October 19th, 2005

An engineer, a physicist, and a mathematician....

An engineer, a physicist and a mathematician find themselves in an anecdote, indeed an anecdote quite similar to many that you have no doubt already heard. After some observations and rough calculations the engineer realizes the situation and starts laughing. A few minutes later the physicist understands too and chuckles to himself happily as he now has enough experimental evidence to publish a paper.

This leaves the mathematician somewhat perplexed, as he had observed right away that he was the subject of an anecdote, and deduced quite rapidly the presence of humour from similar anecdotes, but considers this anecdote to be too trivial a corollary to be significant, let alone funny.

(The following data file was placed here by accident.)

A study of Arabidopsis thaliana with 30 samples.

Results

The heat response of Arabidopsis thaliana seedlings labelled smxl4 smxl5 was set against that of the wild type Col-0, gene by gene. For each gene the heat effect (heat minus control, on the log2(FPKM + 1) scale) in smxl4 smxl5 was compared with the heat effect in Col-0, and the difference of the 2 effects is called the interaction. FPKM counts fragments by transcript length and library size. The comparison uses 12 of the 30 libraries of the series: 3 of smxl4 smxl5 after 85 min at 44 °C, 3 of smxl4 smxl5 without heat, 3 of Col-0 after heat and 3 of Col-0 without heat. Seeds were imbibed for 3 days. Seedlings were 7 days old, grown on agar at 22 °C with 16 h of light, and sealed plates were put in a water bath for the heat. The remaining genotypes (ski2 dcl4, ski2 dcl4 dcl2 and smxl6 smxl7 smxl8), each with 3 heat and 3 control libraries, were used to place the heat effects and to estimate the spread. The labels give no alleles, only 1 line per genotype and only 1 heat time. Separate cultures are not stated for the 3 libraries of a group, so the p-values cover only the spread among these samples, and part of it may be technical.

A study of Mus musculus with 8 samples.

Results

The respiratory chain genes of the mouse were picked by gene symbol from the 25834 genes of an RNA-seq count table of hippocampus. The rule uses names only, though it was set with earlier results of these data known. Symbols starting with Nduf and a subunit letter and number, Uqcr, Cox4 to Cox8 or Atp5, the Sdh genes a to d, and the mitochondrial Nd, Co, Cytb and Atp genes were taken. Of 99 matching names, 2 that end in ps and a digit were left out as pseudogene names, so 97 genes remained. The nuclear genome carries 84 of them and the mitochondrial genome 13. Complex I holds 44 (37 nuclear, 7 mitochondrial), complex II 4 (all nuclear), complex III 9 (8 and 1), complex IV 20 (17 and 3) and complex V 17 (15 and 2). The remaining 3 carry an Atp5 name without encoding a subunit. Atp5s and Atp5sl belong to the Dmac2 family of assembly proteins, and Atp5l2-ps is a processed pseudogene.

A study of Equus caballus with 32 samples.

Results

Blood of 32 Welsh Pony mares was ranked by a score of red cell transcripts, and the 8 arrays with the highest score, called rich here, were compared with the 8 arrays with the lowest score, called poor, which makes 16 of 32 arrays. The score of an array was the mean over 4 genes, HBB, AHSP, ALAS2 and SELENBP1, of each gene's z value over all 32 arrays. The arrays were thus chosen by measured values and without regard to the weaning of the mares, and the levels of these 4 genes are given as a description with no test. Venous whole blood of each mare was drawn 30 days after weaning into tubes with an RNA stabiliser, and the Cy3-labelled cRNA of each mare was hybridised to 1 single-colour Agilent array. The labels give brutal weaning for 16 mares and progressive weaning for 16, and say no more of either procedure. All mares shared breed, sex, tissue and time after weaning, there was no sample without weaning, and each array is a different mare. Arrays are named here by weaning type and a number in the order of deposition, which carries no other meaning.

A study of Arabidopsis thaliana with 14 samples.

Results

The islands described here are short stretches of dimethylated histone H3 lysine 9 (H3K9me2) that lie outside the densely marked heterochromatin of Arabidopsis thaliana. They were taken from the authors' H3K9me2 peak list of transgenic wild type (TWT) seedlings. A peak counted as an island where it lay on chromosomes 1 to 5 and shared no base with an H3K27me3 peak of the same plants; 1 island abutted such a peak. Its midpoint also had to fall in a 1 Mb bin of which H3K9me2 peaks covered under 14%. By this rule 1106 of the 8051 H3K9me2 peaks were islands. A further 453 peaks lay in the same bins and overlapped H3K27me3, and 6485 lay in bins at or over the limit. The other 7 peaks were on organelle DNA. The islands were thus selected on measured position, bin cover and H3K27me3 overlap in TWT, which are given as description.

From a rec.arts.sf.written post by kgbooklog/Konrad Gaertner.

Fear and Political Action

I recently heard some talk based on the idea that the reaction to the Bush administration most worth encouraging is fear.

I have two problems with this. One is merely factual--the administration is much weaker than it was. It's made disasterous mistakes, and the natural incompatities among its supporters are getting interesting. This doesn't mean it's become harmless and there are certainly still excellent reasons to oppose it, but imho, it's not nearly as scary as it was a year or two ago.

The other is psychological. Amp up the fear too high, and some people get paralyzed.

I'm asking those of you who've been following politics more carefully than I have: what mix of emotional appeals have contributed to changes you've wanted?